Winners and losers in Hefce funding allocations

REF-based distribution of £1.6bn research pot results in some big changes

March 26, 2015

Download the Total Funding for English Higher Education Institutions 2015-16 tables


The University of Manchester is the biggest loser in the first set of English funding allocations to be based on the results of the 2014 research excellence framework, while King’s College London is set to gain most.

The 2015-16 research grants for English universities are also the first to be based on the Higher Education Funding Council for England’s revised formula for distributing quality-related funding, which gives four times (instead of three times) as much funding to research rated 4* (world leading) as to that rated 3* (internationally excellent).

Published on 26 March, the allocations show that Manchester’s share of the £1.6 billion research funding pot will fall by 12.7 per cent in 2015-16 compared with 2014-15, amounting to a loss of £10.6 million. The fall would have been 17.1 per cent (£14.2 million – see tables) were it not for Manchester’s healthy share of a £52 million “transitional allocation” from Hefce on top of the standard research budget.

That sum includes £24 million for postgraduate support and £28 million to ensure that “no institution experiences a reduction in funding directly because of” Hefce’s removal of the ring-fence around funding for science, technology, engineering and mathematics. This funding is not expected to be available beyond 2015-16, although Hefce notes that its assumption of a flat-cash settlement in the post-election spending review is very uncertain and it reserves the right to revisit allocations.

Imperial College London receives by far the most transitional funding – £10.9 million – boosting its overall income by 6 per cent. However, that will become a 5 per cent drop in 2016-17 unless the funding formula is revisited. The University of Cambridge is also set for a 3.4 per cent loss.

Manchester’s huge cash loss is a result of a disappointing REF performance, in which it slid from eighth in the 2008 research assessment exercise to 17th by grade point average despite submitting 263 fewer staff.

But it does not suffer the largest proportional loss in income: London Metropolitan University and the University of the Arts London will both lose more than 45 per cent of their funding post-transition (see tables). The universities of Bradford, Sunderland and Salford will also lose more than 30 per cent.

By contrast, King’s College London wins the most extra cash post-transition: £7.2 million. The institution rose from joint 22nd in the 2008 RAE to seventh in the REF by GPA, and submitted 197 more people.

University College London gains the most funding – £11 million –when transitional funding is included, and the second most post-transition. It is now the second-most highly funded institution for research income, having submitted 773 more staff to the REF after several mergers. The University of Oxford remains the most highly funded institution, gaining £2.4 million (1.7 per cent) post-transition (see table, above).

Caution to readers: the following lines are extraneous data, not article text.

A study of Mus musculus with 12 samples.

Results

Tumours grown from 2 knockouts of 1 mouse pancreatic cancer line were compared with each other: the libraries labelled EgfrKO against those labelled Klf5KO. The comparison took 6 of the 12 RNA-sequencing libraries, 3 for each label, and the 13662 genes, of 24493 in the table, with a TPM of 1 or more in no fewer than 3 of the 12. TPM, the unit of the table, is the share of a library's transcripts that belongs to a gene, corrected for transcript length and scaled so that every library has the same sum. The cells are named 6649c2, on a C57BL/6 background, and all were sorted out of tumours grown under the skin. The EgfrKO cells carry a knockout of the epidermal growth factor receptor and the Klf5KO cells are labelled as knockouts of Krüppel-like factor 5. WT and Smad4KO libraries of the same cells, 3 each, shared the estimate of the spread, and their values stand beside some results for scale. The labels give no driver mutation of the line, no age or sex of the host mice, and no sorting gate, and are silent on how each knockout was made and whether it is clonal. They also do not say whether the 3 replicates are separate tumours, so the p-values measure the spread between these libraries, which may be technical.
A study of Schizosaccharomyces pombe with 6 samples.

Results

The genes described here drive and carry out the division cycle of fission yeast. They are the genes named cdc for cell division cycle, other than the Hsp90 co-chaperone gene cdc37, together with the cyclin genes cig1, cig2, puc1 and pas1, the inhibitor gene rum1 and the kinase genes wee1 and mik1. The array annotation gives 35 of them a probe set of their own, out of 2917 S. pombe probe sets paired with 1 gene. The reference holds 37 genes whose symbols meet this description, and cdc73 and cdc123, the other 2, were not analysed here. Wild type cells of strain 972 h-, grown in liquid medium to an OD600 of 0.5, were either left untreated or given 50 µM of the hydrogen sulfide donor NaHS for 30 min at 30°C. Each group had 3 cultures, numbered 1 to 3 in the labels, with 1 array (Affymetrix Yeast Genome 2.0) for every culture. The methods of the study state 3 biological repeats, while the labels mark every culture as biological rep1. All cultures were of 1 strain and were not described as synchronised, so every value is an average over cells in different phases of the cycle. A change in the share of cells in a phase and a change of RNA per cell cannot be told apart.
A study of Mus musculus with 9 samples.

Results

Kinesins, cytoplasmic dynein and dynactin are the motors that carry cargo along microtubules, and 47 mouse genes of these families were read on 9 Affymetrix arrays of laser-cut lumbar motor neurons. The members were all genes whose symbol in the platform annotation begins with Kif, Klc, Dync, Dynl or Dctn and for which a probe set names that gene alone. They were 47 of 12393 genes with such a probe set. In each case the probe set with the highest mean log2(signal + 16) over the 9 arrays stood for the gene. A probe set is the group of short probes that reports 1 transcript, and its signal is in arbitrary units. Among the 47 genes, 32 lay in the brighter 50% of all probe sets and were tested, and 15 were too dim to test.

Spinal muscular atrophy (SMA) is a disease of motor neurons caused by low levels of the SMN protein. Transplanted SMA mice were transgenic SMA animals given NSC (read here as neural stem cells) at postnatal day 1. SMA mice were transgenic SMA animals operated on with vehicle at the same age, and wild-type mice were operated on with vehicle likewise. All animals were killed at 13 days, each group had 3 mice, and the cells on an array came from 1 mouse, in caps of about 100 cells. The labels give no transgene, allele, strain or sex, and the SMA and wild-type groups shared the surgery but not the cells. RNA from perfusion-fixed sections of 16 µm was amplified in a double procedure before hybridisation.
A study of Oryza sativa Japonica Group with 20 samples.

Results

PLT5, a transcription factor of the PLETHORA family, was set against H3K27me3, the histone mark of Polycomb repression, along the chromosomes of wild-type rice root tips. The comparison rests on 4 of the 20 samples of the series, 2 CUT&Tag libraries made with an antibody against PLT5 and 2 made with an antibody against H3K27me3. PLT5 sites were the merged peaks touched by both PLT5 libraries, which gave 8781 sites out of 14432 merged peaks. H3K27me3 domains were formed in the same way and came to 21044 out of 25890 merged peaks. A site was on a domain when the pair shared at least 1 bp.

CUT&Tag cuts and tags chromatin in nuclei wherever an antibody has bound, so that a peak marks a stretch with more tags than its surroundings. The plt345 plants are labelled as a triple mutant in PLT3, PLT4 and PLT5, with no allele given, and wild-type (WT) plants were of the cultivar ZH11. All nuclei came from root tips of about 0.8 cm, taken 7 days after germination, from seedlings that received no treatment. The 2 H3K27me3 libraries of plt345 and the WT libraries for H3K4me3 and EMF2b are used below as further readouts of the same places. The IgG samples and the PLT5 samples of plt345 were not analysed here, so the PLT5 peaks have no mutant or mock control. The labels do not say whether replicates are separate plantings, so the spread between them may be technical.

Some post-92 universities are also among the biggest cash winners. Even post-transition, Northumbria University will be £3.3 million up after more than doubling the size of its submission and the University of Huddersfield will gain £2.8 million. But the largest proportional gains among those with at least £1 million in funding will be at the University of Bedfordshire and Edge Hill University. Both more than doubled the size of their REF submissions.

Top 10 in the REF by GPA

Manchester is not the only northern university to suffer. Members of the N8 group of research intensives will lose 8 per cent of their funding post-transition, with all but one (Lancaster University) taking hits. This is largely because all submitted fewer staff to the REF.

Of the 21 institutions that submitted 80 per cent or more of eligible staff, 12 will gain funding post-transition. But big grant losses are set to hit Goldsmiths, University of London (29.5 per cent) and Loughborough University (14.1 per cent).

Those in the top 10 of the REF by GPA (see table, above) vary markedly, with only six seeing increases post-transition. The top institution, the Institute of Cancer Research, will be 10.6 per cent poorer.

Funding concentration has been slightly relaxed, with the share going to the largest 10 institutions falling from 52.4 to 51.6 per cent post-transition and the share going to the Russell Group (see pie chart) falling from 71.9 to 70.8 per cent.

The amount of research funding distributed by Hefce now exceeds the amount of teaching funding because almost all students are now under the £9,000 tuition fees regime. However, meaningful comparisons of teaching funding allocations with previous years remain difficult.

Hefce warns that uncertainty about post-election politics means that teaching funding could also change in-year, but £37 million has been earmarked to support increases in student numbers in 2015-16, to be distributed next February.

paul.jump@tesglobal.com


Its time that quality of teaching was properly documented. Many so called high quality staff submitting papers to the few journals allowed as part of the submission can barely speak English let alone write English. So who did write the papers? Why are our students being subjected to mediocre teaching? Many of the pupils in High School have a higher standard of English. Why should we be sending our pupils to universities where standards of the language of learning are lower than High School. What exactly is going on?